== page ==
Australians are forever being told that sport reigns supreme in their country, that the footie and cricket suck up so much energy that little is left for anything else. Theatre directors no doubt feel this acutely, aware that a football match can pack out a stadium when their production is struggling to put bums on seats.
Back in the days when live performance was the thing, however – the whole 19th century and the first few decades of the 20th – this seemingly yawning distinction between theatre and sport didn’t exist.
As historian Richard Fotheringham puts it, until 1930 it makes sense to think of a single mass entertainment industry, embracing sporting, theatrical (later film) and catering interests. ‘Professional sport and professional theatre were characterised by a similar entrepreneurial instinct as to what would draw a crowd’, he says.
These days, when theatre audiences are full of Mercedes drivers and designer labels, it is hard to imagine the omnium-gatherum of humanity to be found in pre-1930 venues: factory workers, shop-girls, middling families, street-sellers, and the sorts of blokes who today would watch The Footy Show while downing XXXX beer.
In addition to these heterogeneous theatre crowds, there were also entrepreneurs by the baker’s dozen who invested in theatre and sport simultaneously. Take Hugh McIntosh, for example. He was the man who built the Rushcutter’s Bay stadium in Sydney (pictured above) in which he staged the 1908 world heavyweight title fight between Jack Johnson and Tommy Burns. After that fight, McIntosh made a killing selling the film rights, which he promoted by having the fighters make cameo appearances on the vaudeville stage. From 1912, too, he ran the Tivoli vaudeville circuit and staged musical shows in legitimate theatres.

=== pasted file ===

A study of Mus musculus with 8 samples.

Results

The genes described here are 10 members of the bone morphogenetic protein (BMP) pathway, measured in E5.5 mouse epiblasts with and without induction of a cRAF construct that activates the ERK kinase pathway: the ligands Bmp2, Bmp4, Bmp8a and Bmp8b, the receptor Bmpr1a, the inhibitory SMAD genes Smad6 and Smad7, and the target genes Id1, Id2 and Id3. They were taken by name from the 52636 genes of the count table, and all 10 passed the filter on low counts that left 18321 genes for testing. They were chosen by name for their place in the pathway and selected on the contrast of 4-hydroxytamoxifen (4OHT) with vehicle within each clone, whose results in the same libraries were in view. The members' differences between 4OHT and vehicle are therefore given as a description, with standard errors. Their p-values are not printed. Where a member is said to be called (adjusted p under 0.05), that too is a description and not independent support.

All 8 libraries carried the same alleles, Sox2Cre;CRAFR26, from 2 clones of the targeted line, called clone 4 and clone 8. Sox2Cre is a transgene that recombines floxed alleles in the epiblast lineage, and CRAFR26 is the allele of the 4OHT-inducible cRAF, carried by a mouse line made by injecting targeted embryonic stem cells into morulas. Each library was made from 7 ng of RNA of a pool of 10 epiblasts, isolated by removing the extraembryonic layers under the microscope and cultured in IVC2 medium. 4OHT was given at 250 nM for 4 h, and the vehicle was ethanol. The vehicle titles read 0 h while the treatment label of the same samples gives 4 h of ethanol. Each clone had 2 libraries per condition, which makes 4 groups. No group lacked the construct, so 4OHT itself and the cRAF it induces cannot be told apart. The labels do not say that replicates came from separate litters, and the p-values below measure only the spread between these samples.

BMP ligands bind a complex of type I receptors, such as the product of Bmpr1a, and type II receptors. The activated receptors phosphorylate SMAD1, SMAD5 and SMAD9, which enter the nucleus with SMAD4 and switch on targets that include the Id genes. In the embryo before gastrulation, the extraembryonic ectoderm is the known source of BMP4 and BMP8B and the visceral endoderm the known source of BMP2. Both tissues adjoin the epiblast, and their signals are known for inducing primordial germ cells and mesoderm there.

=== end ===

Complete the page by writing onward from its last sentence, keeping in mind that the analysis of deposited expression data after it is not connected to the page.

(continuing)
This seamless combo draws attention to the obviously theatrical elements in sport as we know it today. And it also alerts us in turn to the significance of theatre in the history of Western popular culture, whether in the land of The Footy Show or elsewhere.
Richard Fotheringham, Sport in Australian Drama (Cambridge & Melbourne: Cambridge University Press, 1992).
See also Richard Waterhouse, Private Pleasures, Public Leisure: A History of Australian Popular Culture Since 1788 (Sth Melbourne: Longman, 1995).
For more on Hugh McIntosh, see his online entry in the Australian Dictionary of Biography.
Image of the Johnson – Burns fight from State Library of NSW via Wikipedia Commons.